By Jeff McKinney
The Cincinnati Enquirer
Former First Financial Bancorp president and chief executive Stanley Pontius will walk away with a hefty financial package - including millions of dollars, medical benefits and a company car - as part of his severance agreement with the Hamilton-based banking company.
Pontius, who took over the reins at the parent of First Financial Bank in 1991, agreed Wednesday with the company's board to immediately leave the $3.9 billion-asset bank that operates the fifth largest bank in the Tristate.
Pontius, 57, will get a lump-sum payment of $600,000, plus $551,328 annually for the next three years and an accelerated rate of stock options that have not fully vested or have not previously expired under the company's 1999 Stock Plan, according to documents the company filed Thursday with the Securities and Exchange Commission.
He also will continue to be part of First Financial's group health insurance plan, with the option to include his family; and will get a company-owned automobile 30 days after the separation.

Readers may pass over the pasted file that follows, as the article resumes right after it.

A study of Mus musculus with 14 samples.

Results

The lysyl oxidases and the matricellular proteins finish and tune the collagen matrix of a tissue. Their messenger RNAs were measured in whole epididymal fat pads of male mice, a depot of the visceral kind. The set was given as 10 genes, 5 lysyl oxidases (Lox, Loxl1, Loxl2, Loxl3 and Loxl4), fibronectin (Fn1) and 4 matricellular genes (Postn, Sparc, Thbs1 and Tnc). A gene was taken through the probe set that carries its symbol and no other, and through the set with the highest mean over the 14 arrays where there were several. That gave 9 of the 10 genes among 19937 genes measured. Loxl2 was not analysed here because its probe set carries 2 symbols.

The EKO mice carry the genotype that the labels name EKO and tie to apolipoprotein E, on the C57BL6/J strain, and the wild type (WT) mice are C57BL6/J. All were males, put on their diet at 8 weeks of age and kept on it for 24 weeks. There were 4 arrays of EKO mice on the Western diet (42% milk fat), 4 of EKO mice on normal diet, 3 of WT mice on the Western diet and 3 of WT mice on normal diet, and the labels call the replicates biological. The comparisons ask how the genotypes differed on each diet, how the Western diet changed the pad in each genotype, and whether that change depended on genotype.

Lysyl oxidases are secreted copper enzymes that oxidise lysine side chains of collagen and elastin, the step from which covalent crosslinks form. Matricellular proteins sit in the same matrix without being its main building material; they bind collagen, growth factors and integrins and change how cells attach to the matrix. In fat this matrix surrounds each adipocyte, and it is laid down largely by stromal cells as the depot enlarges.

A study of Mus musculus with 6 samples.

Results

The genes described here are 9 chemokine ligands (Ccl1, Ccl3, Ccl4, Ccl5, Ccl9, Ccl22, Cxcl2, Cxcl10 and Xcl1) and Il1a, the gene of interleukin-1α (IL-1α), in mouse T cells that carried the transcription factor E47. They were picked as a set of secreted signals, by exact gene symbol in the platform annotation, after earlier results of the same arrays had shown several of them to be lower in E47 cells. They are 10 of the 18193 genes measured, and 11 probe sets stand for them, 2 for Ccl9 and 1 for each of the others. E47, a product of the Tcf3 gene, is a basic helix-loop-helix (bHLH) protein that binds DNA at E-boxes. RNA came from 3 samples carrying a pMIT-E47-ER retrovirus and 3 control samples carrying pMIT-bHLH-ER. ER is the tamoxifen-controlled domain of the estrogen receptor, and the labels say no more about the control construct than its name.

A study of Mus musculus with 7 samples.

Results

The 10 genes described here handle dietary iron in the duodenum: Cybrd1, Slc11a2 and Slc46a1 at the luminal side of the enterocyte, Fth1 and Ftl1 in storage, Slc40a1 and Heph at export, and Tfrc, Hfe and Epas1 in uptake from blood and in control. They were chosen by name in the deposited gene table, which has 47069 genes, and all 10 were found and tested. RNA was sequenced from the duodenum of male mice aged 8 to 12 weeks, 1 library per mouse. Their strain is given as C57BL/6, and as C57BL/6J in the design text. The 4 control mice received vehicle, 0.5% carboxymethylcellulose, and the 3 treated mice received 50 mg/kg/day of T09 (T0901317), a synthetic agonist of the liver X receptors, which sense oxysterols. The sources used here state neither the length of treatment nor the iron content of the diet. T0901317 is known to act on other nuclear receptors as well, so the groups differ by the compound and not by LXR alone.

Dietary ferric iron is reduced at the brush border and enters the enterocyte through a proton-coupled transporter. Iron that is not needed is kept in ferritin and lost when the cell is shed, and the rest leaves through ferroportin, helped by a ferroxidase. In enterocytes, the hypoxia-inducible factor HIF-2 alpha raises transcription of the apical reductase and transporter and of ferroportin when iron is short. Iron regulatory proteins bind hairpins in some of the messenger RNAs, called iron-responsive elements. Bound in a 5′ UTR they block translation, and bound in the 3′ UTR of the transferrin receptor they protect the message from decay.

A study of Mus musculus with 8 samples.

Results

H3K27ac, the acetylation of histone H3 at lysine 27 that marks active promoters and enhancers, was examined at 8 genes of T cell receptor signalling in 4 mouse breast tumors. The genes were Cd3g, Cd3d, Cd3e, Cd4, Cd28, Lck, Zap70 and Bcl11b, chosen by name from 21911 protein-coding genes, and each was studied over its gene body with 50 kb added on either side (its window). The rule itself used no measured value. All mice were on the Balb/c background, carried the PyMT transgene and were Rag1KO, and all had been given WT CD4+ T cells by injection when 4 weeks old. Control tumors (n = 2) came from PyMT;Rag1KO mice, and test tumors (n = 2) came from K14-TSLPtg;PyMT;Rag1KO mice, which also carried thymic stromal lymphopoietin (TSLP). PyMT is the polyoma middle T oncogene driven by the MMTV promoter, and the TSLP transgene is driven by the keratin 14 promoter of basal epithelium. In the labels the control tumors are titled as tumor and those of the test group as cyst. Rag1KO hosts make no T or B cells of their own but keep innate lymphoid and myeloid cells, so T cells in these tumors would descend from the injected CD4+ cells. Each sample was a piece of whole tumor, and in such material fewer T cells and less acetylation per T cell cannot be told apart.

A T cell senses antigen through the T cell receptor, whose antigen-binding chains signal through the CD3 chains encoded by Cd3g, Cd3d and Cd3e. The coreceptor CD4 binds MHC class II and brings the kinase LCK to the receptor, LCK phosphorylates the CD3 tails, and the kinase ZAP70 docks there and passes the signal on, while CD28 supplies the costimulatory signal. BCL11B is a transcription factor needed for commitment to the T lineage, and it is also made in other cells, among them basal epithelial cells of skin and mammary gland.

First Financial said the severance package is expected to reduce share earnings by a nickel. First Financial was expected to report third-quarter results today, but postponed the report to Monday.
Scott Valentin, a senior vice president at the Arlington, Va.-based investment bank Friedman, Billings, Ramsey & Co., said Pontius' severance package would reduce First Financial's third-quarter profits by about $2.3 million. He said that would cut the bank's expected third-quarter profits by 20 percent and for all of 2003 by about 5 percent.
Although no specific details were provided as to why Pontius left, First Financial chairman Bruce E. Leep told the Enquirer it stemmed from differences between Pontius and the board.
Leep said the board's intention is to keep First Financial independent. He said the agreement was not tied to the company's recent stock performance or weak earnings.
But banking analysts who follow First Financial's stock for investors say its poor stock performance could have been Pontius' downfall.
First Financial's stock has dropped 9 percent since the stock market peaked March 10, 2000, through Wednesday, said Fred Cummings of McDonald Investments in Cleveland.
The stocks of nine peer banks of First Financial - including Cincinnati's Provident Financial Group Inc. and Sky Financial Inc. of Bowling Green, Ohio - have risen 78 percent during that period.